Learning from PEI

PEI has issued a new five year economic development plan. Read the summary and my notes below:

A five-year innovation strategy designed to focus the Government of Prince Edward Island’s economic activities was released today.

Island Prosperity – A Focus for Change will see $200-million invested and directed into four key economic sectors: bioscience, information technology, aerospace and renewable energy.

The strategy features several significant projects, including the creation of a $30-million Island BioCommons Research Park to be located in the Charlottetown area.

“Our goal is to shape our future instead of reacting to events,” Premier Robert Ghiz said. “By focusing our resources in a meaningful way, I believe we can put our Island on a new economic path.”

The strategy was developed over the last eight months by Deputy Minister Dr. Michael Mayne, at the request of the Premier.

“Dr. Mayne has talked to many Islanders about our province’s potential and the best route to take. I am very pleased to accept this strategy on behalf of the Government. It’s now the role of Minister of Innovation and Advanced Learning Richard Brown to see this strategy implemented.”

A key feature of the strategy is accountability, Minister Brown said. “Given the level of investment, it’s very important that government make sure that Islanders know how their resources are being invested. This strategy contains a number of mechanisms to ensure that there is transparency, accountability and openness with Islanders.”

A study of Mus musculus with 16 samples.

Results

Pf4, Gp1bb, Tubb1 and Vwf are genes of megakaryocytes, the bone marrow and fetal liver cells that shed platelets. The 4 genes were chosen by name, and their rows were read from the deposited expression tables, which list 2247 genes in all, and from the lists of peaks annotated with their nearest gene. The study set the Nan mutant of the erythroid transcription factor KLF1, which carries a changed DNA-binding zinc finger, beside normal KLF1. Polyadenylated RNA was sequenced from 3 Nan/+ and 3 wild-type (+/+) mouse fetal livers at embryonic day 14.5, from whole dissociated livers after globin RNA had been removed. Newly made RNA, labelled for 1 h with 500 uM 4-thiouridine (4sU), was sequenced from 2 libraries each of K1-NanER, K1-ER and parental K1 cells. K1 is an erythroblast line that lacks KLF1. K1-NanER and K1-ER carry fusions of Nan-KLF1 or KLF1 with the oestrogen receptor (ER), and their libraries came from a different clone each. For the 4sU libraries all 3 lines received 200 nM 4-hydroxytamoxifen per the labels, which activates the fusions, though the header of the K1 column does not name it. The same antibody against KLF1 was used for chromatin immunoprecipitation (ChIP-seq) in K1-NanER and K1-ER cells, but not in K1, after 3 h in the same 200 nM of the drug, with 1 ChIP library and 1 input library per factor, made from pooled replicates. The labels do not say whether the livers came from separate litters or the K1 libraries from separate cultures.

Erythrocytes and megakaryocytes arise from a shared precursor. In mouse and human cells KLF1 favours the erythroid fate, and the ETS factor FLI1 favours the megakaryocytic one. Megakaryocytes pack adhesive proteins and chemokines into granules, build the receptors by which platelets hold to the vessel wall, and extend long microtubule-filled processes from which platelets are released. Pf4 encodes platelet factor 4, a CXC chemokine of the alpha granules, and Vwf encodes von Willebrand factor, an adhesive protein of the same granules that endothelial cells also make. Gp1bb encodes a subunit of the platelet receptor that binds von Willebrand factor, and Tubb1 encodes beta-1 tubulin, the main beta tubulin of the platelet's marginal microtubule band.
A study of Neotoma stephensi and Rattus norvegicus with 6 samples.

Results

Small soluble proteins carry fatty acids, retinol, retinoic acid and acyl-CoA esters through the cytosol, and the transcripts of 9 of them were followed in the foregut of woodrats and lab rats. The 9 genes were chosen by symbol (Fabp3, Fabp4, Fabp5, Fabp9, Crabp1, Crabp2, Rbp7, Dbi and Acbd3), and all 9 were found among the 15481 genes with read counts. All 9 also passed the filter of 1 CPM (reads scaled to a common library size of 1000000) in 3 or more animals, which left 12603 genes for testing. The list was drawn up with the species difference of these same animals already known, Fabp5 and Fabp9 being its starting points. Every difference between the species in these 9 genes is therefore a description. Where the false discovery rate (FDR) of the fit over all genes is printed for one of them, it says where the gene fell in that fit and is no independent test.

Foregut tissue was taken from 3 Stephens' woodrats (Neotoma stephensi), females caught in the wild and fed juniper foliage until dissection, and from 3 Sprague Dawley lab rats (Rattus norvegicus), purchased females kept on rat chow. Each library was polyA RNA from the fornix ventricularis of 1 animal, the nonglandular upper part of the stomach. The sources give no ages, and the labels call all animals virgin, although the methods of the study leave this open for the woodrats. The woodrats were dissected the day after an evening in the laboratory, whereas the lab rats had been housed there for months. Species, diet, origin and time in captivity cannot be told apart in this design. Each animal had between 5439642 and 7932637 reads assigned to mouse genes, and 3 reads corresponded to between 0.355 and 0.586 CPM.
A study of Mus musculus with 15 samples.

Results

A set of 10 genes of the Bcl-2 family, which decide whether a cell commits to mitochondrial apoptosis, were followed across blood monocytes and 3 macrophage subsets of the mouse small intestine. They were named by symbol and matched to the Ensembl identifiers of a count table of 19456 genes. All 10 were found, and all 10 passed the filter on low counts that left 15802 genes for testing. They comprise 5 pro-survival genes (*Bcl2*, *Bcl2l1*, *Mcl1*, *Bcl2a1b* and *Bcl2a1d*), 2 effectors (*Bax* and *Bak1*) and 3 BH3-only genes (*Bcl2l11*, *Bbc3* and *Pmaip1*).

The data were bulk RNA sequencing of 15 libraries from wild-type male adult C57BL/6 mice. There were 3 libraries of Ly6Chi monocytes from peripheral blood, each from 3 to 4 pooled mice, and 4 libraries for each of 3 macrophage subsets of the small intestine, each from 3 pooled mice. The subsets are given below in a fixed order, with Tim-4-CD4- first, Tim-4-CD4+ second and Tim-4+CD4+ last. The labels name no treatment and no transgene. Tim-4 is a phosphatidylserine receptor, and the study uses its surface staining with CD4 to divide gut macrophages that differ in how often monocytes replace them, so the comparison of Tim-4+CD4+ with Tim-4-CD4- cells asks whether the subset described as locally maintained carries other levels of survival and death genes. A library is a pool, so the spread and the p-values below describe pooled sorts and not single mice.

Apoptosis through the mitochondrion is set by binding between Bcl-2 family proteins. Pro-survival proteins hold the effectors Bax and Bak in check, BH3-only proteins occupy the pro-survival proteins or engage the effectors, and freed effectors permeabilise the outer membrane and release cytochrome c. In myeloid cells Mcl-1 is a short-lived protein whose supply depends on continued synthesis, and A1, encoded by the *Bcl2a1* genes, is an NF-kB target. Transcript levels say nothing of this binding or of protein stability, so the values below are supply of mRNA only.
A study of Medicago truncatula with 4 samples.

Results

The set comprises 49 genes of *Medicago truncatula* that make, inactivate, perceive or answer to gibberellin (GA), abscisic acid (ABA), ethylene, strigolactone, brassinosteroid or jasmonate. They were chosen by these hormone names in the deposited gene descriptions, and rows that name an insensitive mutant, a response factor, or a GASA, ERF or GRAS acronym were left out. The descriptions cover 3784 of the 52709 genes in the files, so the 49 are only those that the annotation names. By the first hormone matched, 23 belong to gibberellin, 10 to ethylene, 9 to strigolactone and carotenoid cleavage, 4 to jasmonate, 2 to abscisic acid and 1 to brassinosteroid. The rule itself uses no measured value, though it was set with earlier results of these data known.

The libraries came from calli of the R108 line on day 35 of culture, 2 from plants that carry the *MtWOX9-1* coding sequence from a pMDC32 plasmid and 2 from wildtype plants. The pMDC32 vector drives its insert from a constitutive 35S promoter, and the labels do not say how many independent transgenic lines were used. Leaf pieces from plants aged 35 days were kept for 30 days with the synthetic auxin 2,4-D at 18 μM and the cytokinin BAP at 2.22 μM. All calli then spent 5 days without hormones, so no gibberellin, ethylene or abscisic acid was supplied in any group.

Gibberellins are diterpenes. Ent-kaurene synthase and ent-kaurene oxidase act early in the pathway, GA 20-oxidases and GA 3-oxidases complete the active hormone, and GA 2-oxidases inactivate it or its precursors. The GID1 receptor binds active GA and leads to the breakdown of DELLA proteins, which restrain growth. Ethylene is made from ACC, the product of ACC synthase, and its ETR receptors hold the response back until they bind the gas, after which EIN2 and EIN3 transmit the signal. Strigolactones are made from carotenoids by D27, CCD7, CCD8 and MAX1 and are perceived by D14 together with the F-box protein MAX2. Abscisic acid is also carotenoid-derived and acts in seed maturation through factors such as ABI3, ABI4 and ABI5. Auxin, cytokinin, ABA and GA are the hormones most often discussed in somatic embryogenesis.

Further information is available at http://www.islandprosperity.ca/

My thoughts on this include:

PEI is not much bigger than the Greater Moncton area (the tri-county Kent/Albert/Westmorland). A $200 million, five year strategy for Greater Moncton sounds about right.

We need research anchors – like the $30-million Island BioCommons Research Park. When was the last one developed with public funds in New Brunswick? Freddy’s Knowledge park got loan guarantees I believe.

Targeting is key – four sectors – I think that might even be too many but it is far better than having no targeting at all.

All four of these sectors have some initial critical mass in place on PEI. They have attracted several biosciences firms, they have a neat little aerospace cluster, the Atl. Technology Centre was very successful and they were the first province in Atlantic Canada to get serious about alternative energy.

New Brunswick, once again, can learn from our neighbours. I like what NS has done with NSBI, with the hedge fund back offices, with the RIM project. I like PEI’s plan here – I think I will read it in full tonight after work.